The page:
Tuesday 27 September, contd.
‘Stop! This is me!’our new friend announces some four very smelly miles down the road as we reach the village of Goleen. Tom opens the door to see him out and they shake hands.
‘What?’ Tom asks, climbing back in to find me and Ma sending him accusing stares.
‘I could have been knifed!’ Ma says, with ghoulish relish, even though she’s laughing.
‘Oh, he was mostly harmless,’ says Tom.
‘But smelly,’ I add. ‘I was nearly sick.’
‘Well, I couldn’t smell anything,’ says Tom, winding down the window to allow the lingering miasma to escape.
'I just hope he didn’t have fleas,’ says Ma, as if we’ve picked up a stray cat.
At Barley Cove, Tom and I take a walk along the swaying pontoon bridge that conserves the dunes. Ma’s poor brittle back and injured arm mean that she’s too fragile these days to risk joining us, but she’s happy to sit in the car and wait, albeit still clucking about the low standard of boyfriend material we’ve procured for her.
Wednesday 28 September
As Britain basks in the steamy heat, we are still blanketed in mist. We drive through Ballydehob, Baltimore and Skibbereen all similarly cloaked in wispy fleece. At Skibbereen, we give up trying to see the sights and go shopping in Lidl. Judging by the amount of people filling their trollies there; it’s the thing to do. It’s a bit ironic then that this area was one of the worst affected by the Irish Famine.
Back at the holiday cottage, we meet the owners freshly returned from a weekend in Lourdes. They tell us that amongst other matters, they’ve been praying for success for the Irish team in the rugby world cup. I’m no expert, but I’d assumed prayers were meant for cures for cancer and an end to world poverty, not any ole stuff. And since, as I write this, the Irish lads are now on their way home, perhaps I’m not alone in considering the request a tad frivolous.
I put the kettle on and go off to find Ma, who’s sitting in the conservatory, lifting her face to a sliver of sunshine which has slipped through the clouds. I ask her if she would like tea and cake and her expression lights up. Ma has extraordinarily beautiful eyes – very clear with deep blue irises – and a gap between her two front teeth. Right now, her smile radiates a childlike joy and she looks about six. I drop a kiss on her hair and go off choked because she’s so pleased by something that’s so easy to do.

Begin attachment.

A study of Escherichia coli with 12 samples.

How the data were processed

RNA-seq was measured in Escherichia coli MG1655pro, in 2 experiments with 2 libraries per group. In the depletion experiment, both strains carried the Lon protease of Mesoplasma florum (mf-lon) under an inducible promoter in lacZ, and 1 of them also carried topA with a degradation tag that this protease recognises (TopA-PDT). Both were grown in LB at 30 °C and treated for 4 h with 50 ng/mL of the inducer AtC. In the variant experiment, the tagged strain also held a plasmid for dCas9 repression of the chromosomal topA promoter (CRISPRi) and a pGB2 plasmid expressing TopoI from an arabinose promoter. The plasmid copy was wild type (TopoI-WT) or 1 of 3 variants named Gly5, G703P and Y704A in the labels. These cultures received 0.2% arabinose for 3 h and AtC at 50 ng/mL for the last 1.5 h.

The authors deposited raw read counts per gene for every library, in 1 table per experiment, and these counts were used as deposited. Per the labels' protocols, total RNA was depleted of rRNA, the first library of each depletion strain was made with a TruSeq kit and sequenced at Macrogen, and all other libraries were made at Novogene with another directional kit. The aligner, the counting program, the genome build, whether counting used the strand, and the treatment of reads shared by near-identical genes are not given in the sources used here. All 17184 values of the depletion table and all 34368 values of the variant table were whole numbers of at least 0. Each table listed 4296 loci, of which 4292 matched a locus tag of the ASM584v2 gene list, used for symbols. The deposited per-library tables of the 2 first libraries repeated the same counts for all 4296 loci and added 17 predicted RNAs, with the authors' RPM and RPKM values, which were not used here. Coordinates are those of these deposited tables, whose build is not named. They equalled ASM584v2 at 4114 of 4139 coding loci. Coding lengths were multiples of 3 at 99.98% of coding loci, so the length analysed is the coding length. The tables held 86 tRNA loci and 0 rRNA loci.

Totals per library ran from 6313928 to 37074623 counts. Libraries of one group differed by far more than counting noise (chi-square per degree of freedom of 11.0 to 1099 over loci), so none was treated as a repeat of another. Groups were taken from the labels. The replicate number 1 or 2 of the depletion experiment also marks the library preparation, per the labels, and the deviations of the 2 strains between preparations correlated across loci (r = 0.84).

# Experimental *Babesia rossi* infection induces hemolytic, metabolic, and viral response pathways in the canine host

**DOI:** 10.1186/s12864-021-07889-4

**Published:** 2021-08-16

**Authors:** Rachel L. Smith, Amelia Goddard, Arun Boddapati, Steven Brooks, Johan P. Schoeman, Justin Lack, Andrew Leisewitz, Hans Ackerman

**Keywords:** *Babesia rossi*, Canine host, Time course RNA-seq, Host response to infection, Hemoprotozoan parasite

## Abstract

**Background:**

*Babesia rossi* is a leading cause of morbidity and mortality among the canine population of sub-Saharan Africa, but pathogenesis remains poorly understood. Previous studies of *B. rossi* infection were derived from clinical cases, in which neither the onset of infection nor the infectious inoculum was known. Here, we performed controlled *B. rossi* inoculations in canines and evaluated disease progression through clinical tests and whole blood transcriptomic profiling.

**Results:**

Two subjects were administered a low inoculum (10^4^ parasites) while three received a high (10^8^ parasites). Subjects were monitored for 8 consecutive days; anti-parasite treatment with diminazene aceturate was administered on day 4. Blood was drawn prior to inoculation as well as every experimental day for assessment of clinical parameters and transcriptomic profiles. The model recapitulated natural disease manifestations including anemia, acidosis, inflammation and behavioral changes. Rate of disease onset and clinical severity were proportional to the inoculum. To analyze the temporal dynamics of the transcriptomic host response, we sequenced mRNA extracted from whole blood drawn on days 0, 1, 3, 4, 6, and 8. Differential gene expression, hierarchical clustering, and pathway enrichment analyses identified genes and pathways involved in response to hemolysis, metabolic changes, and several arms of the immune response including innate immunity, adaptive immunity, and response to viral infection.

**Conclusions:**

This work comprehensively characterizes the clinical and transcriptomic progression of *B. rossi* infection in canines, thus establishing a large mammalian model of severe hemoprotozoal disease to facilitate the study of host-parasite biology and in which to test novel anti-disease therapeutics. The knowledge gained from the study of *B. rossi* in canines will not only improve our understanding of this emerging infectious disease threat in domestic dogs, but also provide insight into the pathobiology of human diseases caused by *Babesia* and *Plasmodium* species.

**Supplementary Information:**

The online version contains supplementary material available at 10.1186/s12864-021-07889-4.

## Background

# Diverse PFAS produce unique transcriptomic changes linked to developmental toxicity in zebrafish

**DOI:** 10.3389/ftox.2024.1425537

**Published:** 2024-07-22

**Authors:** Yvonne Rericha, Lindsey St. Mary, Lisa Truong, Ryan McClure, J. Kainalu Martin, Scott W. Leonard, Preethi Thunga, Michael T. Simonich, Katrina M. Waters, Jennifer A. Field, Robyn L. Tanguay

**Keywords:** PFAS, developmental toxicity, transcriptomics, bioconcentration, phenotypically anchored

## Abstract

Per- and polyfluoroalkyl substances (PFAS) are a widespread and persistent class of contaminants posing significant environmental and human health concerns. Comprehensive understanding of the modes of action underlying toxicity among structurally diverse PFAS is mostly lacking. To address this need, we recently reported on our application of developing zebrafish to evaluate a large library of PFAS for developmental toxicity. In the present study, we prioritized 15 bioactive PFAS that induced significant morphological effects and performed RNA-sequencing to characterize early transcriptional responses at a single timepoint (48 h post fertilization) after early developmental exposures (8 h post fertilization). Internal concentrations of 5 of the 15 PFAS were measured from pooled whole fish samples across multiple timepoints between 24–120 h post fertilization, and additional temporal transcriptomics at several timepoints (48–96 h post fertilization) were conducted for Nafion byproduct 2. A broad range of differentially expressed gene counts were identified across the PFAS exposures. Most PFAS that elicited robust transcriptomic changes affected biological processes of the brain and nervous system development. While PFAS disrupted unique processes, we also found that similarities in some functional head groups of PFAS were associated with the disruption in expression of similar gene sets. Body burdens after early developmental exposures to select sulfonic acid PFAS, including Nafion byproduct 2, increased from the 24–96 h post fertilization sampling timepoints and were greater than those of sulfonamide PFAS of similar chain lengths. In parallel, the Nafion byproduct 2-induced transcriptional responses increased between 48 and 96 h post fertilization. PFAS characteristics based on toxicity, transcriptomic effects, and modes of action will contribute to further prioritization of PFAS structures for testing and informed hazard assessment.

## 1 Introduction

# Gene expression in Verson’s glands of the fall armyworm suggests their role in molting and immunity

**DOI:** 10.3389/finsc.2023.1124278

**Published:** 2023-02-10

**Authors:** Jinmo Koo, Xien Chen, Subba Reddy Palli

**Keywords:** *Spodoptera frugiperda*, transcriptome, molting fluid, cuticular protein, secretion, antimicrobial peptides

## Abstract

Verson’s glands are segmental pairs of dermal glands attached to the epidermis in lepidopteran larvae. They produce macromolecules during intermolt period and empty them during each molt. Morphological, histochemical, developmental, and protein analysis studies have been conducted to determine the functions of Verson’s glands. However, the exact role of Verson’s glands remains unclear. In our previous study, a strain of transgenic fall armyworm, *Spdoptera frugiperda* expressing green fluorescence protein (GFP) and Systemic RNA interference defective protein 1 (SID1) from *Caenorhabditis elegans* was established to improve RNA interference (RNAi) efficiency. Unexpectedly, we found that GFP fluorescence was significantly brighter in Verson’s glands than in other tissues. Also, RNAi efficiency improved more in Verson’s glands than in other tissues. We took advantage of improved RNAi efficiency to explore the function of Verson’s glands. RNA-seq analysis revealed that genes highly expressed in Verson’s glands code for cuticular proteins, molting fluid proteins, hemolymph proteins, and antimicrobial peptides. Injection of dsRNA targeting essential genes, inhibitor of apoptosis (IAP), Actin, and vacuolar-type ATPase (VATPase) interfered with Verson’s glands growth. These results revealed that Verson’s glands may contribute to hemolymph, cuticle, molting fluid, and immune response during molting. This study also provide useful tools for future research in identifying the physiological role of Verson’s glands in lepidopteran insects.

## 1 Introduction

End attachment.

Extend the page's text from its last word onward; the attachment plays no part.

In the evening we watch RTÉ Prime Time featuring interviews with the seven candidates for the Irish presidency. The candidates include Dana Rosemary Scallon, sometime Eurovision Song Contest winner and Martin McGuinness, sometime IRA member, though not since 1974, he says. All are quizzed on what their unique suitability is for the post is and about their greatest personal weakness. They’ve all read the bit about turning a negative into a positive in the ‘Get the Job You Want!’ handbook, but it’s an interesting exercise for all that.
Thursday 29 September
We take up our hosts’ suggestion and drive up through the mountains to picturesque Gougane Barra (‘the rock cleft of Finbarr) where a large lake in a glacial valley reflects the autumn trees and an amazing Cavalry is pale and startling against dark evergreens. Continuing up through the mountains, the mist descends yet again so we cut our losses and walk round the pretty, touristy town of Kenmare. Ma optimistically buys two lotto tickets.